To Michigan, to Chicago, to Texas, to California.
And back to Texas, late last night, on a delayed flight that was nevertheless smooth and enjoyable because I love Southwest. No baggage fees? Line up to board in numerical order, with no cheating allowed? Yay!
But at one point just a few weeks ago, we were in Detroit. Where Logan found a great little Salvadoran joint in an alley off a potholed road.
He drove me there one snowy day so we could eat many pupusas together, and drink some of the freshest-tasting agua de tamarindo (Tamarind juice!) I've ever had.
Unfortunately but unsurprisingly, Logan had to field a lot of phone calls during lunch. The life of a movie guy.
I nibbled on a corner of the menu while I waited.
When he returned, we ordered a sizeable chunk of the offerings. Curtido, a lightly fermented cabbage pickle sweetened with carrot and sharpened with oregano, arrived quickly, alongside a water bottle filled with bright orange salsa.
Curtido is a staple of Salvadoran food, and comes in many roughly similar varieties. Its nice sour crunch cuts through the richness of many Salvadoran dishes, which are often heavy on the masa and either griddled or deep-fried.
Main dishes started arriving quickly. First up, our tamal de elote, a soft, airy steamed sweet corn tamale, served next to a pool of crema salvadorena. Think creme fraiche, or a less aged, lighter sour cream. We also tried the pork tamale, which was moist and meaty and a nice counter to the almost desserty tamal de elote.
And then, the main body of our meal arrived. We ordered ourselves three pupusas and a large dish of pasteles.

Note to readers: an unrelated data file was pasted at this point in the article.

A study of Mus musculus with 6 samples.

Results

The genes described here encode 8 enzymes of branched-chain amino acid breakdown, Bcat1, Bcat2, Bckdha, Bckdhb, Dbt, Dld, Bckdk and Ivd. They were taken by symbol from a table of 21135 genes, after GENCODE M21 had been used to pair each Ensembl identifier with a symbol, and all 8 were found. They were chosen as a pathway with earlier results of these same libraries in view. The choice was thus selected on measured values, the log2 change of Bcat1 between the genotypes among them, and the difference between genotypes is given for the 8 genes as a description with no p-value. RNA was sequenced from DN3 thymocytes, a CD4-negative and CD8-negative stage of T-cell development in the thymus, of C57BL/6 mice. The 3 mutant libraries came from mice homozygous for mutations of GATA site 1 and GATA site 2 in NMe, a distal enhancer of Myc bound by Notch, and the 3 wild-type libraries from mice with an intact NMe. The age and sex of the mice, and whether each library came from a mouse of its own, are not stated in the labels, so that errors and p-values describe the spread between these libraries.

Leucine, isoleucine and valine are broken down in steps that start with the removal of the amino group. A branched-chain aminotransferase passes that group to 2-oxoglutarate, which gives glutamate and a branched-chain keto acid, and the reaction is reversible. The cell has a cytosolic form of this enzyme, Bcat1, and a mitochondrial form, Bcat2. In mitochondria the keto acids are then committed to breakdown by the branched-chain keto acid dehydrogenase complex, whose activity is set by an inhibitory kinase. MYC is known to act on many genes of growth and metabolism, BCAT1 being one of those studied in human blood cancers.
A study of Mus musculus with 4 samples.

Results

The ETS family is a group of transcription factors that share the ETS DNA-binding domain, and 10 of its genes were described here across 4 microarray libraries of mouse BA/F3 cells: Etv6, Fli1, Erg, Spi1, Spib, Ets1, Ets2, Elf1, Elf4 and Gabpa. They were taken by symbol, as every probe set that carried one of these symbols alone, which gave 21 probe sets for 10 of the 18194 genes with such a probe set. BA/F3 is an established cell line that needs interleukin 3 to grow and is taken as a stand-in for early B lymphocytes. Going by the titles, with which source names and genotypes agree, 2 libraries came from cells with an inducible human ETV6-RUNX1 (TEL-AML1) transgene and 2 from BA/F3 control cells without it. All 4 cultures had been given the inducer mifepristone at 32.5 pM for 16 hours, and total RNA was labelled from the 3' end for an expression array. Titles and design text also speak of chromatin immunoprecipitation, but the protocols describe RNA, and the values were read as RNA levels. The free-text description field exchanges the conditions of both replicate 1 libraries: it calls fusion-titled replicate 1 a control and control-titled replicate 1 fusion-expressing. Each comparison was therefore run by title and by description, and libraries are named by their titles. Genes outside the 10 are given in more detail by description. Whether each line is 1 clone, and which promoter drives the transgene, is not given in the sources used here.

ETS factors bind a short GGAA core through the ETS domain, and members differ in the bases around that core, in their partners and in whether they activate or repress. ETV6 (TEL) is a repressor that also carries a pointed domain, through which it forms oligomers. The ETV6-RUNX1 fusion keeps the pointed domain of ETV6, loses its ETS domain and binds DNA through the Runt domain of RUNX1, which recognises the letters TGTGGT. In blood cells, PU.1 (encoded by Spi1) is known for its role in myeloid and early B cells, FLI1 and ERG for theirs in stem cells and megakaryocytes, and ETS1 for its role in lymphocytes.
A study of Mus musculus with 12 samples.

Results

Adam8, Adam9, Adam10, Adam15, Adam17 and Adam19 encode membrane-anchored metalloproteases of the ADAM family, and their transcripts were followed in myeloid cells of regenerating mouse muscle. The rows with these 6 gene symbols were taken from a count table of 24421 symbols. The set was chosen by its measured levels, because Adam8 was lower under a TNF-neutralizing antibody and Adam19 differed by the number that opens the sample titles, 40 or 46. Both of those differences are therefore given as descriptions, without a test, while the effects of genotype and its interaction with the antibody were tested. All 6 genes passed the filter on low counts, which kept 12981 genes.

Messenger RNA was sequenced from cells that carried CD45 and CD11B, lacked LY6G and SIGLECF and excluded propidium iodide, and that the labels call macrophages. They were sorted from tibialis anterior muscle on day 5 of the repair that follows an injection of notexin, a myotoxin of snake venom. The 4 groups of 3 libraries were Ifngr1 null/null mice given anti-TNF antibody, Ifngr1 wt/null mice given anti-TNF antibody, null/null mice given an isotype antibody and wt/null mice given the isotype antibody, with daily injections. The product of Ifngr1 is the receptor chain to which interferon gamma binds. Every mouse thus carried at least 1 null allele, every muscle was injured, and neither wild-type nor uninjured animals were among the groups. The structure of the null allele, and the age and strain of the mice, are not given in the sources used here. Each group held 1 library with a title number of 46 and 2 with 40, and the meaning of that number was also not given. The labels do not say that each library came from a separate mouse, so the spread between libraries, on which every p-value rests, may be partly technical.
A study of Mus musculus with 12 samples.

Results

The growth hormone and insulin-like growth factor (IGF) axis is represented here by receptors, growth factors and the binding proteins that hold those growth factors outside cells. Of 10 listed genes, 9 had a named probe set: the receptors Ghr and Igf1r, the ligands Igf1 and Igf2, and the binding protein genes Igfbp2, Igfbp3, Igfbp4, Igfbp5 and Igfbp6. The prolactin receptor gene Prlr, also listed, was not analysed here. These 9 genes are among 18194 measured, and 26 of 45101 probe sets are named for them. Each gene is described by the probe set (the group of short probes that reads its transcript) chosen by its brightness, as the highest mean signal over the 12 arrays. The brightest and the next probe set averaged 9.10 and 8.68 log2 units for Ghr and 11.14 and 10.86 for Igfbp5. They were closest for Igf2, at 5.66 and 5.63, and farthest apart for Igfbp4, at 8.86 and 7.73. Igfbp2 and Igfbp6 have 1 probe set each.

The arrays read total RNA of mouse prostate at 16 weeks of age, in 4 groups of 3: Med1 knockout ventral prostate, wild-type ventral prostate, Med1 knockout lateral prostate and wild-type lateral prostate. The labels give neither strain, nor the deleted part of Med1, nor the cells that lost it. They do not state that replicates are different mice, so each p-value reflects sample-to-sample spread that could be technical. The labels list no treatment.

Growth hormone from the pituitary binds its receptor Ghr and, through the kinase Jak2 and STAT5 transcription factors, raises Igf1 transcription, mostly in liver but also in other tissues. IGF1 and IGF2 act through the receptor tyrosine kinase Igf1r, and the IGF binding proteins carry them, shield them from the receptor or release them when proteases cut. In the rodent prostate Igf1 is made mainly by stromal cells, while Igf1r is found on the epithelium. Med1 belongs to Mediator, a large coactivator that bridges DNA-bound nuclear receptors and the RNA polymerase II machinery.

Pupusas, if you haven't had the pleasure, are basically thick stuffed griddled pancakes of masa. We ordered them filled with various combinations of cheese, refried beans, porky chicharrones, and loroco, a plant with edible flowers and buds that grows throughout Central America.
Pasteles (or pastelitos), on the other hand, are savory achiote-dyed pockets of masa usually filled with beef or chicken. The meaning of the word varies from country to country and quite often will mean a sweet cake. Oh, you wacky El Salvador, changing the meaning of pasteles on us. Har.
These pasteles came with their very own curtido, this one a more vinegary, more finely chopped version textured with cucumber and tomato.
Yup - that means basically what we have here is dumplings of two different types (flattened and grilled or fried and puffy) served with cabbage pickles! Again, what could appeal more to my Eastern European heart, eh?
Detroit, you are truly lucky to have this strange little hidden place serving some of the best pupusas I've eaten. Thank you for sharing them with me!
Pupuseria Restaurante Salvadoreno is at 3149 Livernois (more accurately off a little alley off of 3149 Livernois) in Detroit. 313.899.4020.